Black Girl Magic 2019

Students take the stage at the Mitby Theater at Madison College on Friday as part of a sing-a-long at the end of a speech by Dr. Jasmine Zapata, a speaker at the 2019 Black Girl Magic Conference. More than 400 girls attended the event.  

Hawthorne Elementary School student Heaven Thomas wants to be a dance teacher. Her classmate wants to be a surgeon or a therapist. They have big dreams, and credit going to the Black Girl Magic conference for the second straight year as a step to reach those dreams. 

More than 400 girls who identify as black, African American or biracial connected with and heard from black women leaders at the second annual Black Girl Magic Conference Friday at Madison College. 

The conference included more than a dozen breakout sessions that focused on a variety of topics, such as medicine and nursing to hair and fitness. 

The event aims to provide a space for young black girls in Madison to connect with each other, as well as leaders in the Madison community they can aspire to become. 

"I liked being able to be in a room full of people that's my color because it makes me feel like I'm important and that I'm not the only one who is that race or that color," said Koriyanna Fitzpatrick, a fifth-grade student at Hawthorne and classmate of Heaven's. She's also the one who wants to be a surgeon or therapist. 

"All my teachers and family members tell me I'm good at speaking to people and solving problems for them and solving problems by myself," Koriyanna said. 

Rosa Thompson, a teacher at Hawthorne who is the founder and organizer of the Black Girl Magic Conference, said the event provides spaces for girls to experience excellence in their own communities. 

"This conference is important to me because I wanted to highlight black excellence in our community and create a space where our girls can come together, be together, celebrate each other and have a place that's unique to them and have a celebration of who they are," Thompson said. 

The conference also included guest speakers such as Dr. Jasmine Zapata, a pediatrician at UW Health who is also an author and motivational speaker. Zapata's opening remarks focused on overcoming adversity by leaning into the ideals of Black Girl Magic, including confidence and resiliency. 

"There's a whole community and village out there that is just for you," Nancy Hanks, the Madison School District's chief of elementary schools said in remarks to students. "You are not alone. Just look around and you can see that ... we are rooting for you and there are so many people here and in MMSD and the city that are rooting for you."

Students also had a chance to meet TeKema Balentine, the 2019 Miss Black Wisconsin. Balentine, who also is a coach for the East High School track & field team, said it's important to have mentors who look like one's self.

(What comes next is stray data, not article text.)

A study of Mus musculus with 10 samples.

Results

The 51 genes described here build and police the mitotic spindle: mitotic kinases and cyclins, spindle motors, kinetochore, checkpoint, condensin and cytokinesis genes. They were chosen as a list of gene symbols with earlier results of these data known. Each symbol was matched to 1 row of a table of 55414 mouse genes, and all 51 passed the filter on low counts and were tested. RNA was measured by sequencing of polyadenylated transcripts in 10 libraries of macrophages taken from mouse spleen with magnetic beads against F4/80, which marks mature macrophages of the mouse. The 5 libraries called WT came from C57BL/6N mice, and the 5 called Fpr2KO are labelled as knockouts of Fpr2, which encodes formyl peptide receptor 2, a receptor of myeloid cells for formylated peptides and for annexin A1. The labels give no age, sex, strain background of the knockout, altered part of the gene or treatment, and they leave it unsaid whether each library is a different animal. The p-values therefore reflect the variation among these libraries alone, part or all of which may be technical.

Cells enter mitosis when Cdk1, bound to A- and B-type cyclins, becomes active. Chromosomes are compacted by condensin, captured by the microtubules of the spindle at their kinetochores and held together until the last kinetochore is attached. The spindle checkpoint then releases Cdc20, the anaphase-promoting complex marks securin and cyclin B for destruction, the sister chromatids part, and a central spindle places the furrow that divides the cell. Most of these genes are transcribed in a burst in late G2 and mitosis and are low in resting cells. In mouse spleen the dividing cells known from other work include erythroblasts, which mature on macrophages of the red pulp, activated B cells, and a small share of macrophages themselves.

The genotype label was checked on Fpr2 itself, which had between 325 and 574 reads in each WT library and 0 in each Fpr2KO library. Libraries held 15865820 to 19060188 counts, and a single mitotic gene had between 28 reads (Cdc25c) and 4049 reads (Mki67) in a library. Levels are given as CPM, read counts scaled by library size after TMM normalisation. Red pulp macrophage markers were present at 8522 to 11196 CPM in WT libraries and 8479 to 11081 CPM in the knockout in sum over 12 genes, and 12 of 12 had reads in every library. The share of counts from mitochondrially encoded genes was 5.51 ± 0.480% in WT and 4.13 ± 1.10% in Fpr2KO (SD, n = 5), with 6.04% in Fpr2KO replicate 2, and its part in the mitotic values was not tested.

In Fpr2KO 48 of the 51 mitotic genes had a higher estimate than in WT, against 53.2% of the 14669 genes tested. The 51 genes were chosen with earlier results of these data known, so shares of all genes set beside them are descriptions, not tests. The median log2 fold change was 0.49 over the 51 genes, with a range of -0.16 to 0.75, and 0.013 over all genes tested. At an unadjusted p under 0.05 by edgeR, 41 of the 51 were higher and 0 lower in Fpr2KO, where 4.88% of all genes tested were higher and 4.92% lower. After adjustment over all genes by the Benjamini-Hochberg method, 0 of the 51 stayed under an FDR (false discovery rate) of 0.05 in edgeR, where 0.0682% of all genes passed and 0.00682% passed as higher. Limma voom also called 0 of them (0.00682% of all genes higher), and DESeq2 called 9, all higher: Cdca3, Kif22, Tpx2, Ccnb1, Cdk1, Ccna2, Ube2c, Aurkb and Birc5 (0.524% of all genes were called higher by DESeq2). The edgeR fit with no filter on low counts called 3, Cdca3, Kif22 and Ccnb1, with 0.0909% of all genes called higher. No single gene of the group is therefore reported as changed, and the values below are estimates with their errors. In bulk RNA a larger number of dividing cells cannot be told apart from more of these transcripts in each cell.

Their important place in the community is key message for the girls, Thompson said.

"I hope girls take away a sense of pride in who they are and a sense of belonging, a sense of support," Thompson said. "There's all these black women and girls in our community that support them and their dreams."

The inaugural conference in 2018 had about 100 participants, while 2019 featured four times the original size of the conference. Thompson said registration filled up in just three days. She noted that her goal for future years, if she's able to find sponsors, is to have the event include any black or biracial girl in MMSD who wants to attend. 

"If I could tell these fourth- through seventh-grade girls something, it would be that whatever they're going through, they'll get through," Thompson said. "These are some tough years and fourth- through seventh-grade is hard. They're trying to figure out who they are, what their friend groups are and their social relationships and they'll get through it, and if they need somebody, they have so many people here that they can reach out to."

For Koriyanna, there were plenty of lessons to learn from the Black Girl Magic Conference.

"Something that I learned was to believe in who you are," Koriyanna said. "It's important to believe in who you are and to not think what the person next to you thinks about you."

Heaven, the aspiring dance teacher, said she enjoyed getting to be at Madison College and meet new people in a fun environment. The breakout sessions included getting a chance to learn about famous and historically important black women like Maya Angelou, Audre Lorde, Misty Copeland and Shirley Chisholm. 

"I want to be a teacher, but I also want to be a singer as well and think I'm going to make songs as I grow in my teenage years," Heaven said after attending a session called "The magic of hair." "Those are some of my dreams. I also want to be a speaker at the Black Girl Magic Conference."


Negassi Tesfamichael is the local education reporter at The Cap Times. He joined the paper in 2018. He previously worked as an intern at WISC-TV/ and at POLITICO.